Though there has been little movement on the issue so far, when he was on the campaign trail, President Barack Obama promised to finally embark on transformative immigration reform during his first term — a task that twice eluded his predecessor.
The reasons to do so are numerous: national security and economic stability, to name two. But as rhetoric flies back and forth, few mention, or even know much about, the experience of illegal immigrants themselves.
That’s because, as author Gabriel Thompson puts it, they’re “Working in the Shadows,” which is the title of his new book. The premise, as the subtitle states, is “A Year of Working the Jobs (Most) Americans Won’t Do.”
Thompson, a journalist and former community organizer, embarks on a yearlong quest to delve into the immigrant experience. He goes undercover in three different jobs for a few months each; first he picks lettuce in fields in Yuma, Ariz., then heads to Russellville, Ala., for work in a poultry plant, and finally returns to his hometown, New York City, to toil as a bicycle deliveryman.
Each job comes with its individual challenges. Standing all day in the lettuce fields takes a toll on the body, but the work is tolerable. The workers eat tacos for lunch together and sing songs on their breaks.
Tearing chicken parts and carrying buckets of bloody gizzards, on the other hand, is disgusting and unsatisfying. The loud mechanical whir of the plant makes it hard to talk to others, so the job basically entails repeating the same motion over and over in silence — a feat that dulls the mind.
Delivering food on bike is fast-paced and strenuous. Navigating the streets of New York while balancing seven food orders on the handlebars (and dodging taxis) is no easy task.
But for all their distinction, the jobs have much in common. And so what Thompson shows us with his fine work of immersion journalism is exactly what we expect to see: The work done by illegal immigrants is backbreaking, mind-numbing and low-paying. They are often subjugated physically and economically, yet they return day in and day out to try to make a better life for themselves and their families.
Thompson pursues work done mostly by Latino immigrants, but he doesn’t try to “walk in their shoes,” as he clearly states in the introduction. His experiment, rather, is to find out whether he can stand the work. And so it’s really more of a tale of his journey, with personal asides about every pain in his hands and back as he cuts lettuce stalks, every impulse to strangle his overbearing boss at the poultry plant and even the problem of actually securing and keeping his job (he twice gets fired).
Along the way, though, he meets dozens of characters emblematic of the immigrant experience, and since he can speak Spanish, he learns much conversing with them.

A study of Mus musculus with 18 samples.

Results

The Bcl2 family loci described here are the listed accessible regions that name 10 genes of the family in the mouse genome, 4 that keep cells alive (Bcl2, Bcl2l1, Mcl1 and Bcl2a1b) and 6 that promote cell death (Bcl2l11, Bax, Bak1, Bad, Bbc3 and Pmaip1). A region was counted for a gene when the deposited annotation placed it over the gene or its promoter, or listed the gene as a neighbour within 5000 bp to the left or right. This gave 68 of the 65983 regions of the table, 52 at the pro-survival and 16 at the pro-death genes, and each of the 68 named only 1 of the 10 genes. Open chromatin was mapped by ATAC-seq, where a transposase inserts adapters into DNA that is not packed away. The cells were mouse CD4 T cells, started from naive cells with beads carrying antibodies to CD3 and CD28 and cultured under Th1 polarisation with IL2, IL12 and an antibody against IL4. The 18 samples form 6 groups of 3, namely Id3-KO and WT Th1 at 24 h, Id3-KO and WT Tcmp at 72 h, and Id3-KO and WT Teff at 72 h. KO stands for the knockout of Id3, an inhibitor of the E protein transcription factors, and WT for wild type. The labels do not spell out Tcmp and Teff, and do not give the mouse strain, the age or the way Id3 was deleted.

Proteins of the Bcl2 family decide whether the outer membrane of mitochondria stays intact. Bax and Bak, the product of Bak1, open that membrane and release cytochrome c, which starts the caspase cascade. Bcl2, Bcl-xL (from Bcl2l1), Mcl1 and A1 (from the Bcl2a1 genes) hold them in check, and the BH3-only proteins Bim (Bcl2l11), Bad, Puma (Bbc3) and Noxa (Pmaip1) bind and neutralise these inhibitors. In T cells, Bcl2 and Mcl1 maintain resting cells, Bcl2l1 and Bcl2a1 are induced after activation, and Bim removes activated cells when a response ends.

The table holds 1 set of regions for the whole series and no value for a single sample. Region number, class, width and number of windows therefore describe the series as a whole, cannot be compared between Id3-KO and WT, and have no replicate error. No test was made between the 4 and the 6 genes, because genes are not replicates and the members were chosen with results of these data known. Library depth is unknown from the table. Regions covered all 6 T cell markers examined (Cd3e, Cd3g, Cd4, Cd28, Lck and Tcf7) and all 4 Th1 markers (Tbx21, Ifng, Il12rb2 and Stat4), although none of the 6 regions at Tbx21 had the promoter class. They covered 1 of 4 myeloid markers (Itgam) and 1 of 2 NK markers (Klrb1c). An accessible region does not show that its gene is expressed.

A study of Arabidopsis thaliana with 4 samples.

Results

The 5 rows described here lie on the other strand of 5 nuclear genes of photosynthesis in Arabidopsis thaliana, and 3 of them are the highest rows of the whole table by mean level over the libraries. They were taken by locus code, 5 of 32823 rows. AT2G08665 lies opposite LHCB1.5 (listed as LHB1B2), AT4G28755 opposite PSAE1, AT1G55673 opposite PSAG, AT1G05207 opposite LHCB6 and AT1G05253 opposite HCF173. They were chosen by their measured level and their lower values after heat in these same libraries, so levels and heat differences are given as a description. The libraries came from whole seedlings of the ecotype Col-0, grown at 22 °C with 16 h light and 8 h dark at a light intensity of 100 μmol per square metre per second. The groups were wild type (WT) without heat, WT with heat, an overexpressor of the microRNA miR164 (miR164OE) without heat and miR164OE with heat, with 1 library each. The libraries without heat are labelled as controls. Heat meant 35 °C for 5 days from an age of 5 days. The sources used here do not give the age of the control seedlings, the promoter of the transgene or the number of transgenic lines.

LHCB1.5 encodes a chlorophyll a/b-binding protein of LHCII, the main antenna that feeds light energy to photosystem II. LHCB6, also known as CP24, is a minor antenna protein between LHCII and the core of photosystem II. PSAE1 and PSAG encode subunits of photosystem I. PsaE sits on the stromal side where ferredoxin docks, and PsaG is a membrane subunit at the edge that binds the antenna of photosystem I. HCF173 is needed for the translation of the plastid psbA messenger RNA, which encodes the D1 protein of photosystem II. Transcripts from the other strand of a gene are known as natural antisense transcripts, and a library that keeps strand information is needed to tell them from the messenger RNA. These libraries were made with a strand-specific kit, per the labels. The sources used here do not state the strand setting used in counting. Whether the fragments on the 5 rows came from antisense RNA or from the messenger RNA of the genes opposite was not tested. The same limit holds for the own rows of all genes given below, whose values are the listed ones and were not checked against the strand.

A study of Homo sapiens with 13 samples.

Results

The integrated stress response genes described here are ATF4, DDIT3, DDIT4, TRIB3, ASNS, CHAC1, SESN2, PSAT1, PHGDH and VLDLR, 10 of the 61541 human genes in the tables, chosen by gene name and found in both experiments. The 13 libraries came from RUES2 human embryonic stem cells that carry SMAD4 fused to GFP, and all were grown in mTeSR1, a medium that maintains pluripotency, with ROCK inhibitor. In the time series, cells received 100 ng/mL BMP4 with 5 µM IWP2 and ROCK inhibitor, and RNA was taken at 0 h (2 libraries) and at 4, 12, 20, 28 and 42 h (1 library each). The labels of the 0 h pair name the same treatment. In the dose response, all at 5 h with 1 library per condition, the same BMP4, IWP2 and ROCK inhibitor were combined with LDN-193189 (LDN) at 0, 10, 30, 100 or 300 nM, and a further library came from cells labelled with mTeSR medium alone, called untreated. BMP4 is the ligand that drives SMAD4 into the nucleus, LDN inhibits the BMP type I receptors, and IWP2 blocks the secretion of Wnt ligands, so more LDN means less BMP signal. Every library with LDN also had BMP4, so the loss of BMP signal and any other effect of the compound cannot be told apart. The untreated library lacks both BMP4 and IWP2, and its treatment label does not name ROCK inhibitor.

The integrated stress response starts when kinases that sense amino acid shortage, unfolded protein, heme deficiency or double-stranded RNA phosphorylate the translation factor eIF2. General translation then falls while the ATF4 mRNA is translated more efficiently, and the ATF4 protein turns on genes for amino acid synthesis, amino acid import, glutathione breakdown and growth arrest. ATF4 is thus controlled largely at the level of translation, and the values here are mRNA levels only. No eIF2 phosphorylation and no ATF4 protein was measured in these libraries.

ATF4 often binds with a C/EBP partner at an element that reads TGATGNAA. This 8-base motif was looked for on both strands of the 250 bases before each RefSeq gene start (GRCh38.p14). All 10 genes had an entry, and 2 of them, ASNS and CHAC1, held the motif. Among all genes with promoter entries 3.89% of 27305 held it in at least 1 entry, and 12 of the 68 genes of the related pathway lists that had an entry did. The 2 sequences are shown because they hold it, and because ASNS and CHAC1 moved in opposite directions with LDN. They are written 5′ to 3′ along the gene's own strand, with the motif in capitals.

There’s Sabrina in Russellville who came to America from Mexico City to follow her dream of starting a diner. Pedro is a stern but even-handed boss in the lettuce fields of Yuma who manages his team with dignity. Alvaro, a middle-aged man from the Galapagos Islands, works 14-hour days washing dishes at two different restaurants in New York — despite the fact he regularly gets shorted hours.
In Yuma, most of the Dole lettuce-picking staff is composed of guest workers who live just across the border in Mexico. But in the Pilgrim’s Pride plant in Alabama, only a third are Hispanic (mostly from Guatemala). And so an auxiliary discovery for Thompson is the degree to which American citizens are subject to the same rural poverty, working grueling jobs and trying to support families on often little more than $8 an hour.
Thompson unabashedly views his task through a liberal lens. He routinely complains about the lack of organized union support among immigrant-heavy industries, and animal cruelty concerns are ever-present during his poultry workdays. He decries workplace immigration raids and says immigrants should be offered a path to citizenship. To conclude, he calls for grass-roots support to help pass upcoming Obama administration immigration reform.
So those in favor of Democratic-led reform on the issue will find this book appealing. But even those on the other side of the debate will find this a worthy read for its insight into not simply immigrant labor, but also the psyche of the liberal case for immigration reform.
As the debate over how to solve our immigration problem ramps up perhaps this year or the next, look for “Working in the Shadows” to be cited by political types on both sides as proof positive that the United States needs comprehensive immigration reform.